She will be in the governmental capital Naypyitaw in the afternoon where she will meet President Thein Sein and his cabinet ministers on Thursday. The US Secretary of State is likely to push for essential changes in the secluded nation as well as seeking to weaken China's diplomatic influence there.

Afterwards, she will fly to Rangoon, former capital and economic hub, to meet with democracy activist Aung San Suu Kyi.

Ahead of Clinton's visit most commentators have been focusing on the release of political prisoners and ending the war against the Kachin Independence Army in Northern Burma.

On Tuesday, representatives of the Thein Sein government met with delegates of Kachin Independence Organization for peace talks in Ruili in China's southwest Yunnan province. This comes after peace talks meeting in Thailand on November 19.

The government broke a 17-year ceasefire by starting a fresh war against the KIO on June 9 this year. An attempt to negotiate for peace failed in August since the government proposed peace negotiations with the KIO on the basis of the 2008 Constitution, which suggests the KIO to disarm its military wing the Kachin Independence Army (KIA).

However the KIO has been demanding peace talks on the basis of the 1947 Panglong Agreement, which guarantees rights of all minorities' in the multi-ethnic nation. The Panglong Agreement has been ignored by consecutive Burmese regimes so far.

The Panglong Agreement was signed between General Aung San and leaders of the Chin, Kachin and Shan ethnic groups guaranteeing to establish a genuine federal union of Burma.


However, the dream of equality and a federal union is far from being realized some six decades later. On the contrary, many ethnic groups are still engaged in armed conflicts with the Burmese Army, since Burma gained independence from Britain in 1948, one of the longest civil wars in the world.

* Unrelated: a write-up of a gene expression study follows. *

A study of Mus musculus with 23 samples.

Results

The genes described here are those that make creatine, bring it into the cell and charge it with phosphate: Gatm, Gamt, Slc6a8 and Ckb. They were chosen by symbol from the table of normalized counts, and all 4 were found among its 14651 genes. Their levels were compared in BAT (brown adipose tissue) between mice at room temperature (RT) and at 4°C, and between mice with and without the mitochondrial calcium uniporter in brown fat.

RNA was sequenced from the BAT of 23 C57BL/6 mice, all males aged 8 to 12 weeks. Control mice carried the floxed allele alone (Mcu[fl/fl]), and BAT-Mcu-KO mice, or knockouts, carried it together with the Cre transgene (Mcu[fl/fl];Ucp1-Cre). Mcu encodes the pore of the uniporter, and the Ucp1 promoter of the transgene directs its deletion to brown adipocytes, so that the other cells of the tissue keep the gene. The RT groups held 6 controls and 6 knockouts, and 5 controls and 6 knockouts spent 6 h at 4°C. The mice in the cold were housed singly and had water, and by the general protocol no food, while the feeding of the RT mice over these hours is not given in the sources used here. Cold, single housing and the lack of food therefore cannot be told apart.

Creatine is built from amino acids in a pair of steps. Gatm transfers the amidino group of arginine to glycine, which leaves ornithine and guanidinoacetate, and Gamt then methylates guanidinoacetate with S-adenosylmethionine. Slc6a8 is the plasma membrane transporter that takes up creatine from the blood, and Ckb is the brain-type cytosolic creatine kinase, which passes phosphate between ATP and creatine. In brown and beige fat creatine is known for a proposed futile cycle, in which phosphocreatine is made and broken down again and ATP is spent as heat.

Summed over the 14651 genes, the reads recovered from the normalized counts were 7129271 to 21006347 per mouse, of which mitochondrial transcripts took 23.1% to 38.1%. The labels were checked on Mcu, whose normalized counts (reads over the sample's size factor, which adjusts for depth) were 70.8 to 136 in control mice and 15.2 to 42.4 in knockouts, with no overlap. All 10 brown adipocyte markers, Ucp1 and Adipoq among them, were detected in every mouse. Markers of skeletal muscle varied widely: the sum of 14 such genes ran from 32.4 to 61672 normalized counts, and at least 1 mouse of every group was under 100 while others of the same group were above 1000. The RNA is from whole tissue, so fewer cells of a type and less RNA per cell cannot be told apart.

The KIO's James Lum Dau made the current situation thoroughly clear by saying that, "Now, we will not go for a new peace agreement with the Burmese government unless government troops withdraw from the KIO areas in Kachin State and Northern Shan State."

Kachin people abroad and inside the country are concerned over the fresh initiative for peace talks because the five-decade imbroglio between Kachin people and military-controlled Burmese government will not be solved through dialogue alone.

Various ethnic leaders underlined that they don't have confidence in the new 2008 constitution, which will not generate a genuine democratic federal union by any means.


In addition, the momentum of civil war in Kachin State has been increasing. People throughout the country are against this war since numerous casualties on both sides were citizens of Burma. Accordingly, many people do not have trust in Thein Sein government as a sincere administration that is committed to democratic change.

During Clinton's two-day visit, she may push Thein Sein's government to unlock political procedures further and to resolve the conflicts in ethnic areas. Especially, she has to urge the government to end ethic war on Sino-Burma border since the country is promising a shift to democracy.